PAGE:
Simanaitis Says


Total energy production in the U.S. (not solely in electricity generation). Image by RCraig09 from Wikipedia.

Coal—the Good, the Bad. For better, for worse, we have gobs of recoverable coal reserves, perhaps 435 years of the stuff based on U.S. 2021 coal production. But, as noted by Wikipedia, “The extraction and use of coal causes premature death and illness. The use of coal damages the environment, and it is the largest anthropomorphic source of carbon dioxide contributing to climate change.” 

The Best News. Voice of America News, March 28, 2023, announces “U.S. Renewable Electricity Surpassed Coal in 2022.” Also, renewables continued their trend of beating nuclear generation after first doing so the year before. 

VOA reports, “Growth in wind and solar significantly drove the increase in renewable energy and contributed 14% of the electricity produced domestically in 2022. Hydropower contributed 6%, and biomass and geothermal sources generated less than 1%.”

Image from U.S. Energy Information Administration.

Regional Aspects. Hydropower is concentrated in the Pacific Northwest: Washington, Oregon, and northern California. It makes up more than 30 percent of national renewables.

VOA recounts, “California produced 26% of the national utility-scale solar electricity followed by Texas with 16% and North Carolina with 8%. The most wind generation occurred in Texas, which accounted for 26% of the U.S. total followed by Iowa (10%) and Oklahoma (9%).”

Reduced Costs. VOA quotes Gregory Wetstone, president and CEO of the American Council on Renewable Energy: “This booming growth is driven largely by economics. Over the past decade, the levelized cost of wind energy declined by 70%, while the levelized cost of solar power has declined by an even more impressive 90%. Renewable energy is now the most affordable source of new electricity in much of the country.”

Continuous Versus Intermittent. VOA also spoke with Stephen Porder, ecology professor and assistant provost for sustainability at Brown University: “I’m happy to see we’ve crossed that threshold, but that is only a step in what has to be a very rapid and much cheaper journey. This presents challenges for engineers and policymakers because existing energy grids were built to deliver power from a consistent source. Renewables such as solar and wind generate power intermittently. So battery storage, long-distance transmission and other steps will be needed to help address these challenges.”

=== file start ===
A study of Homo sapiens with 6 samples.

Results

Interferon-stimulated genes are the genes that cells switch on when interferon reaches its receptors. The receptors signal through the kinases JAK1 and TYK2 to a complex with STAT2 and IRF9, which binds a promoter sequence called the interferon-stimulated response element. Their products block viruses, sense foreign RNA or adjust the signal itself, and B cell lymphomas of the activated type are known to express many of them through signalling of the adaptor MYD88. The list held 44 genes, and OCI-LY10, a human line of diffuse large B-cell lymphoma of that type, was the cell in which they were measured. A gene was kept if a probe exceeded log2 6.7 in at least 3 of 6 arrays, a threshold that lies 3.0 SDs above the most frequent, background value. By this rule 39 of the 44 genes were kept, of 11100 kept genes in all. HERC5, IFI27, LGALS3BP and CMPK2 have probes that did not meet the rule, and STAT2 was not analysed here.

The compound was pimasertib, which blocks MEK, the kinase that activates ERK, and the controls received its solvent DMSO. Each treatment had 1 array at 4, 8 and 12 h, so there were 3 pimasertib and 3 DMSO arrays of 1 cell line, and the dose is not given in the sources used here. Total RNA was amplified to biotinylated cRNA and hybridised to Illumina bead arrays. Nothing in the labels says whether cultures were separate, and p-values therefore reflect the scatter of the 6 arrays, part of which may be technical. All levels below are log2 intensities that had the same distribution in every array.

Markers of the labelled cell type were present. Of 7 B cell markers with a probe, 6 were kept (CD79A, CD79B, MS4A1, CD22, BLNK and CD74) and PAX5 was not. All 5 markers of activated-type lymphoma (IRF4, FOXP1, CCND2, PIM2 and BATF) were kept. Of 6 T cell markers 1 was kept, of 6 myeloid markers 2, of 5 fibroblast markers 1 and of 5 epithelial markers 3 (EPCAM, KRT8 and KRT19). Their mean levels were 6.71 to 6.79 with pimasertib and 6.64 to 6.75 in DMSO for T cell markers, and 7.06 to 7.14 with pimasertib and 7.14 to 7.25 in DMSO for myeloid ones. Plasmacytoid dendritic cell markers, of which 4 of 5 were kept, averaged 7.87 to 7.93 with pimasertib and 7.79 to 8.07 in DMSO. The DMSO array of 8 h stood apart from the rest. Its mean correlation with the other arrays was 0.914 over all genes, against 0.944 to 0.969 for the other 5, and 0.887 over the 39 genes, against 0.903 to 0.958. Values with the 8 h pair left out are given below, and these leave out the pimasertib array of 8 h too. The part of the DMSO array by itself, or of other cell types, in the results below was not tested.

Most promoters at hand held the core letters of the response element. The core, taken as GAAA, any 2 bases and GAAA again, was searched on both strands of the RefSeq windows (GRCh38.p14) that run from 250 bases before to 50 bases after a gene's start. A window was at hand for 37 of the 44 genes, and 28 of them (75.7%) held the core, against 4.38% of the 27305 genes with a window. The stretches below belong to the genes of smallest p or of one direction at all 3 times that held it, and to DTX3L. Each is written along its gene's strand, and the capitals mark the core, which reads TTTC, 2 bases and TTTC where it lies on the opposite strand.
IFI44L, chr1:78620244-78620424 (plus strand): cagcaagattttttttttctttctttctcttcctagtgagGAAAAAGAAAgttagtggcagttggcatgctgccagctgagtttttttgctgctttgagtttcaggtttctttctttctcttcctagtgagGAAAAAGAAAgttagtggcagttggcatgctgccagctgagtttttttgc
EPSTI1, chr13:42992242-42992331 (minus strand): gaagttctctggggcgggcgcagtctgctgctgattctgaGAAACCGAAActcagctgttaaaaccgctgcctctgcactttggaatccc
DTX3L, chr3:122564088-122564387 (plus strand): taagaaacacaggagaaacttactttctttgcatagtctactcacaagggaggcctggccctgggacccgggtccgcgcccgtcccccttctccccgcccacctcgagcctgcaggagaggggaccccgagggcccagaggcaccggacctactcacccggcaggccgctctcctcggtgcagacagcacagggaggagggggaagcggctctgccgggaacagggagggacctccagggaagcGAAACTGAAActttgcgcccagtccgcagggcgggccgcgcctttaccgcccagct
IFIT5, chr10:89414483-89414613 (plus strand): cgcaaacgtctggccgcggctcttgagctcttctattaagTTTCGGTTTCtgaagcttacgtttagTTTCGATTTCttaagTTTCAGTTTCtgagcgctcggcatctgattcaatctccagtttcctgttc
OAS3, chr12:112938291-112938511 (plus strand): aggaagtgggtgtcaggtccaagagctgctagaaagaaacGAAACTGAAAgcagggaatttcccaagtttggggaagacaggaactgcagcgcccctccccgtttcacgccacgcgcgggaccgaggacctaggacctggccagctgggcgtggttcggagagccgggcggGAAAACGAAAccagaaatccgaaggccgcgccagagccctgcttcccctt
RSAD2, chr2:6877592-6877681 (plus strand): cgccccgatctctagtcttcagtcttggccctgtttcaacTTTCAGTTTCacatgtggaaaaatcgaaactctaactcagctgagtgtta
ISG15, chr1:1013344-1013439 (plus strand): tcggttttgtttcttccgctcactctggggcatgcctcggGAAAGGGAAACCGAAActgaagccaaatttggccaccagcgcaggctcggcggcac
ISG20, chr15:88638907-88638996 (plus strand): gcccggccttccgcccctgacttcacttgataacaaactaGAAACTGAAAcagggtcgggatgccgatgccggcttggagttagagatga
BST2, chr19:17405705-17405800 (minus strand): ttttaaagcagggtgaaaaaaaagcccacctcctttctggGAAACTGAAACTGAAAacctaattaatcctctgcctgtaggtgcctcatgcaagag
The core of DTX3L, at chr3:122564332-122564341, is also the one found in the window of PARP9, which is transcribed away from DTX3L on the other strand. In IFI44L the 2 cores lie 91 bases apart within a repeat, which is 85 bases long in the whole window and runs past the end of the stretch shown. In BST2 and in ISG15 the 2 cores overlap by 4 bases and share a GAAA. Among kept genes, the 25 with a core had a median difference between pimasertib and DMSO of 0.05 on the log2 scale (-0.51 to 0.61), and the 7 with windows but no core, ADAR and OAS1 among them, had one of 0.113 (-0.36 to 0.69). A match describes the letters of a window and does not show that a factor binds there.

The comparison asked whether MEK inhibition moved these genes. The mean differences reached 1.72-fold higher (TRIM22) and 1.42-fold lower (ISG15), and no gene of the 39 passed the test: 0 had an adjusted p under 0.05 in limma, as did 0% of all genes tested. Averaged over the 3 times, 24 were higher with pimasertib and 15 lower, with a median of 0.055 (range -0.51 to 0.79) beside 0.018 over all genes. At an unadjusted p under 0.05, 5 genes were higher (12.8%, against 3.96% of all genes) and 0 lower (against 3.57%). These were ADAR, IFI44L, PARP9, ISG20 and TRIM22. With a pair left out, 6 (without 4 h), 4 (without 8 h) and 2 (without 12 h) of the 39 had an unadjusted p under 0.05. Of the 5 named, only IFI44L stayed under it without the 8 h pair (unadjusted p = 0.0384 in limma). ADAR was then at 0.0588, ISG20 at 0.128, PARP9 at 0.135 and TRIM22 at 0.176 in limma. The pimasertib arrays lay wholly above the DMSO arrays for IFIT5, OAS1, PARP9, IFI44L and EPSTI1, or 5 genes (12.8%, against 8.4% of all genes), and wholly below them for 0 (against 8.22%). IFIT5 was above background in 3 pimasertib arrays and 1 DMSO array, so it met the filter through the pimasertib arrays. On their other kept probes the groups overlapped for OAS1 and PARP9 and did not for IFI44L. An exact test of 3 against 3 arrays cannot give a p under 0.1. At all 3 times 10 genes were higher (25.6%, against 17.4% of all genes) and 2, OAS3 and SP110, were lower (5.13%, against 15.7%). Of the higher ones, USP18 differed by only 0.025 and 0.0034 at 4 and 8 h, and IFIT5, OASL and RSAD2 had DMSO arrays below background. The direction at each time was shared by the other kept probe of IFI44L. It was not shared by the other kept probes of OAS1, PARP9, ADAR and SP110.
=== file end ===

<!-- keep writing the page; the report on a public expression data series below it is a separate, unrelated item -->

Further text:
This last point has appeared here at SimanaitisSays: “Optimizing Renewable Energy” talked about research at the University of California Irvine. “Got Energy? Know How To Store It?” discussed six approaches, some sounding a bit bizarre yet already in operation.

Natural Gas Largest. “The EIA report,” VOA says, “found the country remains heavily reliant on the burning of climate-changing fossil fuels. Coal-fired generation was 20% of the electric sector in 2022, a decline from 23% in 2021. Natural gas was the largest source of electricity in the U.S. in 2022, generating 39% last year compared to 37% in 2021.”

But we’re certainly experiencing change. And VOA notes that many decisions lie ahead as the proportion of renewables suppling the energy grid continues to increase. ds 

© Dennis Simanaitis,, 2023 

One comment on “WEANING OFF COAL

  1. Peter Mander
    April 3, 2023

    Thanks for this, interesting and informative. Regarding natural gas, comparing the percentage of electricity generation against coal is not a like-for-like comparison when viewed from the perspective of GHG production. Natural gas produces at least 40% more energy per mole of CO2 produced, so the shift from coal to natural gas reduces the CO2 burden even though they are both fossil fuels. At least that’s my take. I wrote a blogpost on this back in 2013 (Thermodynamics and the comparison of hydrocarbon fuels) if you’re interested.